Educational 'Mashups' part I

I came across a very interesting feature in WIRED UK (Agust 2009) on Peter Funch. Funch is a photographer and uses a very particular method when he creates projects, namely, shooting a series of images from the exact same location then examining them for commonalities. He will then mash together what he considers to be the key theme amongst the hundreds of images and the result is astounding. Take a look at the image below for example to get a flavour of his work.  You can visit Peter Funch’s website to view his fantastic portfolio.

Peter Funch
Blood Code from Peter Funch's Babel Tales

What’s particularly interesting about this way of working, especially for us teachers, is the skill of synthesizing information as well as blending features together to create a new learning experience. We can  challenge students to think more laterally, holistically, about the way they view ideas, concepts, problems and so on. For example, provide them with a range of resources, like texts or statistical information and ask them to explore what key themes or messages might be hidden in the depth of the material given to them. Educational mashups can easily be created and Funch’s examples can give students a more concrete insight into what we want them to achieve with other material such as text.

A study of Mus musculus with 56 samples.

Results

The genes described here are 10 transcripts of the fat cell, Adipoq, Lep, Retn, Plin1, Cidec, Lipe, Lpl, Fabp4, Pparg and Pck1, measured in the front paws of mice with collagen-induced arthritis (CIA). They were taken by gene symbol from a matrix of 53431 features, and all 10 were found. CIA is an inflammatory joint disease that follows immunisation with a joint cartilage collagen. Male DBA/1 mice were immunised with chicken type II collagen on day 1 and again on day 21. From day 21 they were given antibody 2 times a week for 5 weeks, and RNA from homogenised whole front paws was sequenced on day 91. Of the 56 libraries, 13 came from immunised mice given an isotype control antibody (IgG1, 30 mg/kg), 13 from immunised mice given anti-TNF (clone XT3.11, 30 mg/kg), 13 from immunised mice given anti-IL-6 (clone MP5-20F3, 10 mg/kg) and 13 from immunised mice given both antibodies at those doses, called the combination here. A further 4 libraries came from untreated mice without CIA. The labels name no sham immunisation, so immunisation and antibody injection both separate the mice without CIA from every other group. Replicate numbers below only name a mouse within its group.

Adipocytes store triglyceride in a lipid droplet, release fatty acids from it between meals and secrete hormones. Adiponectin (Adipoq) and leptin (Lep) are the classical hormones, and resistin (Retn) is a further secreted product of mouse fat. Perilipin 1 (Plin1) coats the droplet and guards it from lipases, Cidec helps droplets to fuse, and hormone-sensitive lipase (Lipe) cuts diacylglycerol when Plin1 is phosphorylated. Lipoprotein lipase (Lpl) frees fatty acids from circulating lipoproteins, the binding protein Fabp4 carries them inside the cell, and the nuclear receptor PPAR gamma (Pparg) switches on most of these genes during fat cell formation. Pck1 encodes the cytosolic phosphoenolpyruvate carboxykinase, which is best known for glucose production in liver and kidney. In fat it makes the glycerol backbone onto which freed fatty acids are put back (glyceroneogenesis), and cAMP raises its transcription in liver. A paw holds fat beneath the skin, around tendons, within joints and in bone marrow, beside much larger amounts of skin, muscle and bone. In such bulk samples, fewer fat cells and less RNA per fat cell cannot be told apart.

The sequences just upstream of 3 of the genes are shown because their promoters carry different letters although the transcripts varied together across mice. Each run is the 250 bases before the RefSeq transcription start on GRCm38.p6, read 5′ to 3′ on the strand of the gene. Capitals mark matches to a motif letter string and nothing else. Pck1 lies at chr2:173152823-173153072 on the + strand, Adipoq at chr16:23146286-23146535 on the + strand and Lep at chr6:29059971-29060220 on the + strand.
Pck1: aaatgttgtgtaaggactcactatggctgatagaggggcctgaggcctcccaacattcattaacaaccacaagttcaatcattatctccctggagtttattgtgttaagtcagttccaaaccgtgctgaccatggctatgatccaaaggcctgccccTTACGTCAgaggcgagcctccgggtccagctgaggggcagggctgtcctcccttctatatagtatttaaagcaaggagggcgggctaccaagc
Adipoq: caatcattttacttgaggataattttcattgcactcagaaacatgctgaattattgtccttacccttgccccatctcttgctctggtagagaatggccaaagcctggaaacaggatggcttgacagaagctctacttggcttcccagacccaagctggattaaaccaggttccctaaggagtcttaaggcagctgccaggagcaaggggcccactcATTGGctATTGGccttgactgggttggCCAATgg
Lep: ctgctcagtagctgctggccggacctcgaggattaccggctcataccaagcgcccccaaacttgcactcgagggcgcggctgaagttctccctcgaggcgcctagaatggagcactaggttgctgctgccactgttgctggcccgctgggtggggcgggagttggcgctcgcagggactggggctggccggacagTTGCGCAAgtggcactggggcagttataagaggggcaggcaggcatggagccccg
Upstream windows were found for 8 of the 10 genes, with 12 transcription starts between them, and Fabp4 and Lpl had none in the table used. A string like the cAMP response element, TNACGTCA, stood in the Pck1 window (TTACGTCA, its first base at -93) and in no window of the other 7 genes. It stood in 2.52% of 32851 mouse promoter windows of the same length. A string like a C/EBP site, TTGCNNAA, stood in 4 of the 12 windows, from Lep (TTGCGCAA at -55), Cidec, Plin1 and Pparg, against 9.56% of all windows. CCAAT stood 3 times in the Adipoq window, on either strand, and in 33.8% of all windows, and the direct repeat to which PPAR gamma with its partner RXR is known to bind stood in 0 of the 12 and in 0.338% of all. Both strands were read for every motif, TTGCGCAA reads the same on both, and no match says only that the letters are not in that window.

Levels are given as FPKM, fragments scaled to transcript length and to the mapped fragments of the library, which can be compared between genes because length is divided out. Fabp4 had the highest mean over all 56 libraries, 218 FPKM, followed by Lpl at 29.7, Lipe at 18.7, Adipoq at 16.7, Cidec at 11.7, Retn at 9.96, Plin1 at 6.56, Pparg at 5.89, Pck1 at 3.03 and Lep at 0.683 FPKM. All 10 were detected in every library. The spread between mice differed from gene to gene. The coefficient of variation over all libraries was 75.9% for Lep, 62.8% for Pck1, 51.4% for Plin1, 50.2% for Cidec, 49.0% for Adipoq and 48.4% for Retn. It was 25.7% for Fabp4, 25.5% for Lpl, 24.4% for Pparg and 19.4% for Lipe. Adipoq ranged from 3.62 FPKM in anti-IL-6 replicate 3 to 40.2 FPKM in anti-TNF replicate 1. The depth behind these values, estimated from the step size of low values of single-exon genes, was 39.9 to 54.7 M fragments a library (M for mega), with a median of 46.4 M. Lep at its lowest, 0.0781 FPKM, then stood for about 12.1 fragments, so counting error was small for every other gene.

It certainly is worth exploring.


Johannes Ahrenfelt has previously worked as County Advisor for Learning & Teaching with ICT, Head of Department and University Lecturer. He has taught for 10+ years in schools around Norfolk, UK, and is currently leading an inspirational team in Norwich as Head of Faculty. Johannes shares his passion for pedagogy on his blog, social media and when delivering training in the UK and abroad. He has also published several books worldwide, one of which has been translated into Mandarin and Malayan.